The government persists in believing that the problem with its tuition fees policy is merely presentational. Today’s Times (£) reports that ministers have enlisted Martin Lewis, the founder of MoneySavingExpert.com, to explain the new system to pupils.
The government is said to want students to think of debt as “weekly repayments of £7.50 – the cost of two pints of beer and a packet of crisps or a bottle of wine”. As Vince Cable argued in his recent interview with the New Statesman, “We have got a progressive graduate tax: it isn’t about fees, and there’s no fixed debt, because you don’t have to pay it”.
But what this argument ignores is the opportunity cost of student debt. The £30,000-40,000 the average graduate will pay back could be used to buy a house, for instance, or to save for retirement. David Willetts points out that monthly repyments will be lower under the new system for middle-earners but the total debt will still be higher.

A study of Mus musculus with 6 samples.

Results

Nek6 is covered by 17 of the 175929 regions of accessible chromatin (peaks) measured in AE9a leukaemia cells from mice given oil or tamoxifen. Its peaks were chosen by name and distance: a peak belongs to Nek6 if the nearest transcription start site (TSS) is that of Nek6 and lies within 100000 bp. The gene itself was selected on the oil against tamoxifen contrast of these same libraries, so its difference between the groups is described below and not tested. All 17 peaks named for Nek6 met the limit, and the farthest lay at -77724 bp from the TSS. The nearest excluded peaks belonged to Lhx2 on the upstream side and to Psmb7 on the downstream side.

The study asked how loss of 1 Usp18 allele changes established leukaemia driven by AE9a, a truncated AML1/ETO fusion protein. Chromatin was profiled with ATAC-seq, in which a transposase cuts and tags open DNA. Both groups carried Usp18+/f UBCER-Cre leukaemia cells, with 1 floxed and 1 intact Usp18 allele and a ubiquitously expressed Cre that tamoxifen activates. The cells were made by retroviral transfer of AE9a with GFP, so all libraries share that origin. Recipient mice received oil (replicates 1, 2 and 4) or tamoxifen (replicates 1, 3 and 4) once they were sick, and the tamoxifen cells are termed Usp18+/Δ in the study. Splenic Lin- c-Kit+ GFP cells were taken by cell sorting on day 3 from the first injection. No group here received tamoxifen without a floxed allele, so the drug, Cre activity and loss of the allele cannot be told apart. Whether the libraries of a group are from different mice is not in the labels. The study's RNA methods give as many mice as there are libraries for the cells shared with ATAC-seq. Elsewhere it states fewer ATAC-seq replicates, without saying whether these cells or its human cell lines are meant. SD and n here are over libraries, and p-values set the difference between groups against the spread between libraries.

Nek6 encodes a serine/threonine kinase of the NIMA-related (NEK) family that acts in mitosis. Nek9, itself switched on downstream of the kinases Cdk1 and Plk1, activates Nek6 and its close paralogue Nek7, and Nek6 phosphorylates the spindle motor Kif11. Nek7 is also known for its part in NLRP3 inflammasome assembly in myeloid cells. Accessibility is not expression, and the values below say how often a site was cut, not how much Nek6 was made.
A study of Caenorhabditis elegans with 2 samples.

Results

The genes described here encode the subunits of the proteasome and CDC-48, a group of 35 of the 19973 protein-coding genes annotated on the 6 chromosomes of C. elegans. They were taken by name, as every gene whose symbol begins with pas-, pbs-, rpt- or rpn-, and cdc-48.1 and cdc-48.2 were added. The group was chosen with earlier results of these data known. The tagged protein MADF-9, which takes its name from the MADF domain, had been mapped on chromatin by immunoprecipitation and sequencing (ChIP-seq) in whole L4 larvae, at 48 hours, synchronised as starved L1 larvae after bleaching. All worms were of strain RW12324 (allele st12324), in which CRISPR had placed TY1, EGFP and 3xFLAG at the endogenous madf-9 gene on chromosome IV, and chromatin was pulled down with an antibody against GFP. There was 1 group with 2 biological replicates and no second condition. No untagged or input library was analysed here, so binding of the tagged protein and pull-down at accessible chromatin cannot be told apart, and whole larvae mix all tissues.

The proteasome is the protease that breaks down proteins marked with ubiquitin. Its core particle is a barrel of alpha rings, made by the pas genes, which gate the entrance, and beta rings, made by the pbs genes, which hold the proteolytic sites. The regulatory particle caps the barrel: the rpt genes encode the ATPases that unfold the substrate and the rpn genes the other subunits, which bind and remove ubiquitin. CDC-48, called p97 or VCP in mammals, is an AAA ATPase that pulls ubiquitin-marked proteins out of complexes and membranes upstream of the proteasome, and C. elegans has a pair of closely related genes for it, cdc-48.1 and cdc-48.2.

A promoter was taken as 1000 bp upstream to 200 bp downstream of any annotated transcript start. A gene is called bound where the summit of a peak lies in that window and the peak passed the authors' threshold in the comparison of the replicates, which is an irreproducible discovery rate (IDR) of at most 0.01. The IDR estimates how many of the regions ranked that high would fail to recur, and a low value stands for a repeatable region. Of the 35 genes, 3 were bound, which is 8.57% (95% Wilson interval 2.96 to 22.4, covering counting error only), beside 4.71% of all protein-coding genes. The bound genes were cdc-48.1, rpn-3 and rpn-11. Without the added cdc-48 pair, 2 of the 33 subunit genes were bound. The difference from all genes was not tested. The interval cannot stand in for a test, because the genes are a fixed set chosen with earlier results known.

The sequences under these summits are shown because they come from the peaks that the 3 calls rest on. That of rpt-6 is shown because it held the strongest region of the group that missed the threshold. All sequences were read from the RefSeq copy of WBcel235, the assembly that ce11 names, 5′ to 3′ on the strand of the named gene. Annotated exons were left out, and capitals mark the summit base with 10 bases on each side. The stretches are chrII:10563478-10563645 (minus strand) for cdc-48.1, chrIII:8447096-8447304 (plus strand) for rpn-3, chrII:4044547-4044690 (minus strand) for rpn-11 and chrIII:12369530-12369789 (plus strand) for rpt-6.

Other supporters of tuition fees note that graduates continue to earn more than non-graduates. But the so-called “graduate premium” has fallen from £400,000 to £100,000 and is now non-existent for some arts students. Willetts is undoubtedly right when he says that some “do not understand” the system, but then others are simply unwilling to pay the highest public university fees in the world for uncertain gain.
As a result, just weeks before the publication of the government’s much-delayed white paper on higher education, the universities minister is facing an unprecedented challenge to his authority.
On 7 June, Oxford dons will debate a motion of no confidence in response to the coalition’s “incoherent and incompetent” reforms. Should the motion pass, it would be a first for any university in England. At Cambridge, 150 academics have submitted a grace “of no confidence” in Willetts to the university’s sovereign body, the Regent House.
The government’s tuition fees headache is about to get a little worse.